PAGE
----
Introduction

Virginia counties are required to put bond issuance to a voter referendum in order to borrow money on behalf of the county. The issuance of bonds is usually used by governments to raise money for large capital expenditures and they are repaid at a later date with interest. Bond referendums historically pass by a large margin, in large part because people vote for the recipients of the bond money (after all, who will vote against schools, parks, or transportation?) without realizing that bond issuance contributes to government debt and should be used sparingly.

School Bonds

Citizens of Fairfax County will be asked through a bond referendum to authorize the Board of Supervisors to borrow up to $365.2 million to fund the Fairfax County Public Schools. $315.2 million would be used for school improvements and the building of new schools, while the remaining 50 million dollars would be used to expand and renovate facilities for the servicing of school busses and other county vehicles.

This exorbitant new borrowing would add to the $1.7 billion already budgeted to the public schools from the Fairfax County General Fund (FY2008) and an additional $371.8 million in state education aid. Oh, and don’t forget, we stupidly passed a 246 million dollar school bonds referendum a mere two years ago that had an eerily similar description to this one. Where did that money go?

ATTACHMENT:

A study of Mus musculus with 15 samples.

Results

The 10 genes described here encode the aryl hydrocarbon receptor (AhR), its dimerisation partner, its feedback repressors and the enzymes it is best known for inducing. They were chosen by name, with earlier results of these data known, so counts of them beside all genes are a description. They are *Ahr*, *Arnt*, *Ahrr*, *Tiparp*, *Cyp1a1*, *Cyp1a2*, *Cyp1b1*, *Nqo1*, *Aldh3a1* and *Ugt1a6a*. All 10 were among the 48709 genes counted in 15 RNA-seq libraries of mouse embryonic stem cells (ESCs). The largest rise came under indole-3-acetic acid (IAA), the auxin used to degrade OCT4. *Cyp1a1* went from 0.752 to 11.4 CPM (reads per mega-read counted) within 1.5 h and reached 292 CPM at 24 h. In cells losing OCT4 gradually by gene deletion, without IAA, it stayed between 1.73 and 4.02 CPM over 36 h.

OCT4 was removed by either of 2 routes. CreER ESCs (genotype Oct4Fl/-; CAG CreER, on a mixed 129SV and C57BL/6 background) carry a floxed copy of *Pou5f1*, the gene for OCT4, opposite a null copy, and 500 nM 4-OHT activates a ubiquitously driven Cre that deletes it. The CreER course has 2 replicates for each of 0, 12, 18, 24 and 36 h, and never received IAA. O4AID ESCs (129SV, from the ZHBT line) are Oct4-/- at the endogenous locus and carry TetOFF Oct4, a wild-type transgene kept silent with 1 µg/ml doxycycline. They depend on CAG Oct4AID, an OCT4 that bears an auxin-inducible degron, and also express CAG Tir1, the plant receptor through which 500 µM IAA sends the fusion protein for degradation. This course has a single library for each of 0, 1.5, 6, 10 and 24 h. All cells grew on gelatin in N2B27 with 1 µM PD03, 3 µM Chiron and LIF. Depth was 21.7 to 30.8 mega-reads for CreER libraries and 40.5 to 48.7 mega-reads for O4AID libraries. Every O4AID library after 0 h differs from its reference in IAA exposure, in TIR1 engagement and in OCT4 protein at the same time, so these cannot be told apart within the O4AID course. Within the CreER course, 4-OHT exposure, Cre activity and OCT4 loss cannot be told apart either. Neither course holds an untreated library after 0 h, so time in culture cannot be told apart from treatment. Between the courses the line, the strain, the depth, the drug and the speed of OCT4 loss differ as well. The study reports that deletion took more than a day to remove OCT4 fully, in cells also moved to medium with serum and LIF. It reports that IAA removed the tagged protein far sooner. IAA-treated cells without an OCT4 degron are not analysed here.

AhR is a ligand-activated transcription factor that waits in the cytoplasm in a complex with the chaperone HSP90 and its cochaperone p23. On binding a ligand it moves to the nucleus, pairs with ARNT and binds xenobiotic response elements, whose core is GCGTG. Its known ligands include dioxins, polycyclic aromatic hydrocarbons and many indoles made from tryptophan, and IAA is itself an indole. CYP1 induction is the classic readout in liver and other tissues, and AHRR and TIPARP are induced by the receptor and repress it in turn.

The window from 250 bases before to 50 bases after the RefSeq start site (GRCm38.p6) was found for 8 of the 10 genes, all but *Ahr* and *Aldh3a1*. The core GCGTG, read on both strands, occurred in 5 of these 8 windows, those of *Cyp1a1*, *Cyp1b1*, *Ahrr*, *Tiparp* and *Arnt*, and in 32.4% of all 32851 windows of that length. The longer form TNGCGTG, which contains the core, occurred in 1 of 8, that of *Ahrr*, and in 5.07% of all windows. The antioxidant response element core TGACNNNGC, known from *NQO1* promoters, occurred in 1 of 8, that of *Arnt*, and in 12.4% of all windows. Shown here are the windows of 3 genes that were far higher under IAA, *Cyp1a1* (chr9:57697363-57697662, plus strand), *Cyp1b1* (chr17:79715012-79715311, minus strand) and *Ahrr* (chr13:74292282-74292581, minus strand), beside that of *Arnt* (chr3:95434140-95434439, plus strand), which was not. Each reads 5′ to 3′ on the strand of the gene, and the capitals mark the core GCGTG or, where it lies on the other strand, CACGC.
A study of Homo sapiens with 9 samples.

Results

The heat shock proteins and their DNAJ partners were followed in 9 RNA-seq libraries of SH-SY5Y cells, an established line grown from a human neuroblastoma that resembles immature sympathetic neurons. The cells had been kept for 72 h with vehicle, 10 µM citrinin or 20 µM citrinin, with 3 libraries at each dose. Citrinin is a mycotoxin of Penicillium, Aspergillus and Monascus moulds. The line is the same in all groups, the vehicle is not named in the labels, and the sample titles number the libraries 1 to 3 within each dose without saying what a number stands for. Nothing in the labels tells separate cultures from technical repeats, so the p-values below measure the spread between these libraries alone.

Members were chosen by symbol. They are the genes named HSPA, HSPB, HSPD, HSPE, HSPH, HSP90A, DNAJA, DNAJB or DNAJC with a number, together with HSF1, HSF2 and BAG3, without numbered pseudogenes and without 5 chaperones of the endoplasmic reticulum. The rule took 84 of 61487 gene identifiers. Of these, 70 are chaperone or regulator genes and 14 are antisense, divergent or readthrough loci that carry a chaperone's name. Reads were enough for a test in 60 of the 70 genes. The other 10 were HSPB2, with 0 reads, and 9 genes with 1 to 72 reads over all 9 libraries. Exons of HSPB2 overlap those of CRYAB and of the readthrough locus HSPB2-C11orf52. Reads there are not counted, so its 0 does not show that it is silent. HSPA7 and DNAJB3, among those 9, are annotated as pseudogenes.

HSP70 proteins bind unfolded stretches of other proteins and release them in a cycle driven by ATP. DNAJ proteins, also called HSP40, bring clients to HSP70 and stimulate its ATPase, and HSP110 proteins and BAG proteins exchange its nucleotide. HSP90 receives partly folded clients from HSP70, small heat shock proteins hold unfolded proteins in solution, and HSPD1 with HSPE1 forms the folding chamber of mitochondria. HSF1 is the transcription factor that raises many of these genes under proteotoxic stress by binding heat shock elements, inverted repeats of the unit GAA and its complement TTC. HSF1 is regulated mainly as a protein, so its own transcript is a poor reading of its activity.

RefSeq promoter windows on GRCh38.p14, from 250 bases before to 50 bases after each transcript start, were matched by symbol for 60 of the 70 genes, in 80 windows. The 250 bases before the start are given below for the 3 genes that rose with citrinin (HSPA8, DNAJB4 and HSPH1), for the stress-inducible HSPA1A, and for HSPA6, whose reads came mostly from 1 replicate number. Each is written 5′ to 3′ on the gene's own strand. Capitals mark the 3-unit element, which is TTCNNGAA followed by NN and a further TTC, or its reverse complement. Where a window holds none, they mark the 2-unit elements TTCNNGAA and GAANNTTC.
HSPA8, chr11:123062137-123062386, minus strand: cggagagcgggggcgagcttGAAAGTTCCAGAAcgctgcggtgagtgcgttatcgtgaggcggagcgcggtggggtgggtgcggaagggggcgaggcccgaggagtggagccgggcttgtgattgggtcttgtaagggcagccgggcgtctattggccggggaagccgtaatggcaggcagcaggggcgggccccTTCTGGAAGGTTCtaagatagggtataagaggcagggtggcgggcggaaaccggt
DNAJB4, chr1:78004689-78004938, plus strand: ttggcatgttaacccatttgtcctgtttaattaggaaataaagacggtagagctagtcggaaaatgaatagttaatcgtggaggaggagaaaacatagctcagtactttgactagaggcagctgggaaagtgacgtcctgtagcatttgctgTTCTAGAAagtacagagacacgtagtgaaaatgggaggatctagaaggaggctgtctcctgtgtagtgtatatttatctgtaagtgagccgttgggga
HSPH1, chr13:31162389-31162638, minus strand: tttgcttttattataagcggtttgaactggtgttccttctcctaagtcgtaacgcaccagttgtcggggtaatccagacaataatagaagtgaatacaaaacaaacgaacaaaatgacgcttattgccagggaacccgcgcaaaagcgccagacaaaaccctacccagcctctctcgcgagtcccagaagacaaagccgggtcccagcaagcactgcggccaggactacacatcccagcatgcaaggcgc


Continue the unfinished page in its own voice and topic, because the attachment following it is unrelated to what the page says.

In the two years since the last school bonds, the projected cost per-pupil to operate the Fairfax County Public Schools (FCPS) (based on their own numbers) increased about 20 percent to $13,407/year. Why? The total budget of the school system has increased by about 15 percent in two years—a real-dollar increase in annual spending roughly equivalent to the bonds amount in this referendum. Why wasn’t that increased investment from the county and state enough to fund your buildings and bus maintenance facilities?

If $2,200,000,000.00 isn’t enough for an annual budget in a county school system, what is? Where do we draw the line? The schools already use up 52.3 percent of the Fairfax County General Fund and we have little to show for it. Where do we say enough is enough?

Sorry, FCPS . . . you have more than enough money to build some buildings and maintain some busses using your existing funding sources . . . or at least you would if you controlled your spending. I’m sure you could do a lot of good with $2.2 billion if you managed it right, but you just can’t keep coming back and asking for more. I strongly endorse a NO vote on the Fairfax County School Bonds Referendum.

Transportation Bonds

Citizens of Fairfax County will be asked through a bond referendum to authorize the Board of Supervisors to borrow up to 110 million dollars to fund regional transportation improvements, including road improvements, pedestrian improvements, and mass transit (including some money for the Washington Metropolitan Area Transit Authority [WMATA, Metro]).

As I have said many, many times before, the transportation crisis is the most important issue affecting Northern Virginia at this time. While I am usually reluctant to incur debt, I am willing to accept it in these kinds of critical situations—especially given Richmond’s continued failure to appropriately fund transportation improvements in the region. 110 million dollars doesn’t make a huge dent in the problem, but it is better than nothing. I endorse a YES vote on the Fairfax County Transportation Bonds Referendum.